Having studied health behaviour change psychology for 10 years, Dr Heather McKee supports businesses in designing wellness products and programmes that last. Here’s her five-point guide.

1. Start with your ‘why’

When it comes to creating healthy habits we often start by imposing a goal on ourselves (lose weight, gain muscle, do x time in a race). But if you want to stick with the change, you have to find your own personally meaningful reasons to do so. These reasons are your ‘why’. Ask yourself, “By pursuing this healthy habit, how do I want to feel? What does it help me achieve in my day?” If you can find your why, you can accomplish your ‘how’.

2. Make it as easy as possible

When adopting a new habit, we tend to set too many big goals at once, which sets us up for failure. Instead of trying to do everything at once, why not focus on making one small change and doing that consistently? On my Bite Sized Habits course, people set themselves one goal each week – planning a healthy snack at 4pm to avoid the biscuit slump, or aiming to walk 100 more steps on each day. Each time you achieve it you get a sense of satisfaction and this spurs you on to stick with it. You can then step it up gradually over time.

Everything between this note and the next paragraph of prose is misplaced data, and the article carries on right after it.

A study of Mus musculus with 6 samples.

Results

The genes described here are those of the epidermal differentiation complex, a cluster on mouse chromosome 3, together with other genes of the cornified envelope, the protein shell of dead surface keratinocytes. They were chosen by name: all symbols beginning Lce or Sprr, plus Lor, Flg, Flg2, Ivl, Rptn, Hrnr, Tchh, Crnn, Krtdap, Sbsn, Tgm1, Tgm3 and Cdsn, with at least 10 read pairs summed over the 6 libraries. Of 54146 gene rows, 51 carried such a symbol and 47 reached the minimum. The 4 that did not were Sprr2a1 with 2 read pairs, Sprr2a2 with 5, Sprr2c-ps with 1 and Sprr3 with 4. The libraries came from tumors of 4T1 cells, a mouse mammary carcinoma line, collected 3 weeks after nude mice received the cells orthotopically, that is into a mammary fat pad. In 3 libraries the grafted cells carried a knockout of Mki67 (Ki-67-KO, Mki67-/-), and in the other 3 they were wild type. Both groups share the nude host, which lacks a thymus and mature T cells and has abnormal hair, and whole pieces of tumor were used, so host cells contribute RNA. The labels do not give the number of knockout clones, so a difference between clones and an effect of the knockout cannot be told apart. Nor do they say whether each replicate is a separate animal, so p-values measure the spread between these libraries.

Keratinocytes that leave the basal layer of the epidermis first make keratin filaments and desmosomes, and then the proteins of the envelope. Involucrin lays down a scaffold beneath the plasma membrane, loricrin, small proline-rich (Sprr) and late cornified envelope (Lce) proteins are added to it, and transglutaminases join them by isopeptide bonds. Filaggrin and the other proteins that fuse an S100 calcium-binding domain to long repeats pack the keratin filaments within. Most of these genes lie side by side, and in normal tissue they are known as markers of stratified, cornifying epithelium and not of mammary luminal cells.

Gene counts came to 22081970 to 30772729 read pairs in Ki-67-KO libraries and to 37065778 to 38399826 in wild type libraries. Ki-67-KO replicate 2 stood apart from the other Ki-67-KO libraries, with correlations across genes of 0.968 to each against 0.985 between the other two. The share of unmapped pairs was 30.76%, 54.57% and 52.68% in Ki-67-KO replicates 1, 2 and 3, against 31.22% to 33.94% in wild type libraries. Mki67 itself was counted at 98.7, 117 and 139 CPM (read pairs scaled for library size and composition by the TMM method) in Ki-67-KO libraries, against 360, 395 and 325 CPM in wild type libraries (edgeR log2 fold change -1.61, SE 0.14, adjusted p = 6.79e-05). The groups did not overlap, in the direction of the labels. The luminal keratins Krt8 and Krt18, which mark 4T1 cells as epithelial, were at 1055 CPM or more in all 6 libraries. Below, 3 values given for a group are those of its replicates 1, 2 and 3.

3. Put your habit in context

If you do something at the same time in the same context each day, this can help make it a habit. You can do this by asking yourself when and where you are going to perform your habit this week. This makes it up to 90 per cent more likely that you will carry it out.

4. Plan for going off course – you’re human, it’s going to happen!

When it comes to habits, willpower is not our friend, planning is! A plan helps you anticipate triggers and figure out ways of dealing with them. If you eat in response to stress, ask yourself, “Is there an alternative option here?” If you go to head out for a run but it’s raining, ask yourself, “What alternative exercise can I do when this happens?”

5. Find joy

Why do we pound the treadmill when it’s mind-numbingly boring? Because we think it’s good for us – but it’s not good for us if we can’t stick with it. So, ask yourself, “What healthy habits do I like?” In order to stick to our healthy habits, we have to enjoy them.